Since 1982, Tropical Heatwave has been a rite of spring for fans of eclectic music. Once just a Cuban Club event, Tropical Heatwave now spreads all over Ybor City, presenting an incredible lineup of diverse entertainment with more than 60 bands on multiple stages. . The event has not only become one that brings all of Ybor City alive with great music and parties, it has also become a near perfect example of the public radio-local community/business partnership that is now emulated in other markets throughout the country. This year’s two-day event will include several venues located on Ybor City’s main drag, 7th Avenue, with stages in several historic locations and enclosed parking lots – including the historic Centennial Park.
The main criteria used for booking bands/artists for Tropical Heatwave has always been musical excellence, strong visual appeal, fun, and high energy. Each year, attendees look forward to not just a series of great performances, but also expect a fun and collective way to discover new artists who may have been playing in this area for the first time. Each year, there are as many new artists to be discovered as there are familiar, chart-topping performers. In addition to several national acts that may have already “topped the charts” and have built a huge fan-base, Tropical Heatwave is a showcase for great local and regional talent. WMNF deliberately handpicks great bands that are ready to compete for audiences with the nationally known acts. Festival planners get a thrill to see both local bands and their fans to rise to the occasion, providing top performances at Tropical Heatwave.
Heatwave provides more than ten competing stages for live music fans, ensuring that each person has multiple choices to create their own unique experience. Some people hang out at one or two stages where they know some of their favorite bands are playing. Others try to challenge themselves to keep moving and see as many bands as possible. Some just go with the flow. Each year, in addition to being an annual reunion for many, the post festival comments have always included the phrase “this was one of the best musical experiences of my life.”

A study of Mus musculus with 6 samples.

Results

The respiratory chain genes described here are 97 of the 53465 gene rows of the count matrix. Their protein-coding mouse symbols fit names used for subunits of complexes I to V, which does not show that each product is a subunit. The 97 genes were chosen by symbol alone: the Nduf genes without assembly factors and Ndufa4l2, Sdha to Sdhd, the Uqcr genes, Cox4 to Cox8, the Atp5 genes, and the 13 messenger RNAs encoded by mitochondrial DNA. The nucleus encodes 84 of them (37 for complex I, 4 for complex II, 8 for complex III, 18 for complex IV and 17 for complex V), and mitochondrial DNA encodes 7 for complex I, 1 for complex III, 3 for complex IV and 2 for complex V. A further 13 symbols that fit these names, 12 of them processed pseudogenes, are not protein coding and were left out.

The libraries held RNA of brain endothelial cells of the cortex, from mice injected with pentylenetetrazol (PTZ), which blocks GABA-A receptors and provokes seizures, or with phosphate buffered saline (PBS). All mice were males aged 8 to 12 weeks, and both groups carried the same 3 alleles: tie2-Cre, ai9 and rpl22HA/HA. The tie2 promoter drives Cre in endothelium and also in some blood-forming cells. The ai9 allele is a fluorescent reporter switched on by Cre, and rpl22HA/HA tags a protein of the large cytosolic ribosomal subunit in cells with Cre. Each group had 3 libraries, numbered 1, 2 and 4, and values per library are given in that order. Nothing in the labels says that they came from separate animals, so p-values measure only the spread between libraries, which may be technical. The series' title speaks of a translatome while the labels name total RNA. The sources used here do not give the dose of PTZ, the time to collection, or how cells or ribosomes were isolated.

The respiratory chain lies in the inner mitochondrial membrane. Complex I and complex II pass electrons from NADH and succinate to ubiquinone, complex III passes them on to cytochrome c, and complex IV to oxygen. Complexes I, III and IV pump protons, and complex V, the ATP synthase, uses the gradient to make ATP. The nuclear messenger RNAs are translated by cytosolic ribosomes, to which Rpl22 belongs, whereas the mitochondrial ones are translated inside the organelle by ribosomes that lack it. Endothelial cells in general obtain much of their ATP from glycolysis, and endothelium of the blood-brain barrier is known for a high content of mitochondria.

Tropical Heatwave is not just great music; it is a true community street festival. In past years activities on 9th Avenue with its aroma of delicious, multi-ethnic foods, arts and crafts vendors, and community activism has been central to the success of the event. The festival is often described as a manifestation and celebration of the sense of community that WMNF has created in the Tampa-St. Petersburg-Clearwater region.
Tampa Bay Times in a 2010 article describes the event by asking the following – What do these artists have in common? An openly gay blues harmonica wizard; a fiercely independent Chinese-American folk singer; an Indian-American artist crooning classic '60s soul; a chirpy-voiced riot girl playing some of the grittiest rock in Nashville; a rapper who moved from New York to Tampa to get discovered. They're all were booked on the bill to perform for WMNF's Tropical Heatwave - a festival that is often described as more of a celebration of communities, people and cultures than just an event.
A city within a city described as Tampa’s Latin Quarter for over a century, Ybor City is an exotic blend of aromas, flavors, sights and sounds. From the scent of roasting Cuban coffee early in the morning to the rhythms of Latin music late into the night, Ybor is a feast for the senses.
Visitors may choose from a variety of cuisine - Spanish, Cuban, Italian, Greek and French - just by strolling down La Setima (7th Avenue), the main street of the Historic District. One can share authentic tapas and a pitcher of Spanish sangria in a café atmosphere reminiscent of a Mediterranean village.
Visitors may also browse eclectic shops and art galleries, attend one of the museums, see a “hand-rolled cigar” being made or just relax and “people watch” with a cup of Ybor’s famous café con leche.
The city was founded by Vicente Martinez-Ybor as a cigar-manufacturing center. Ybor City today is one of only two National Historic Landmark Districts in Florida. Its red brick buildings, wrought iron balconies and narrow brick streets give it an old-world charm that is a refreshing change of pace from the beach and the mall.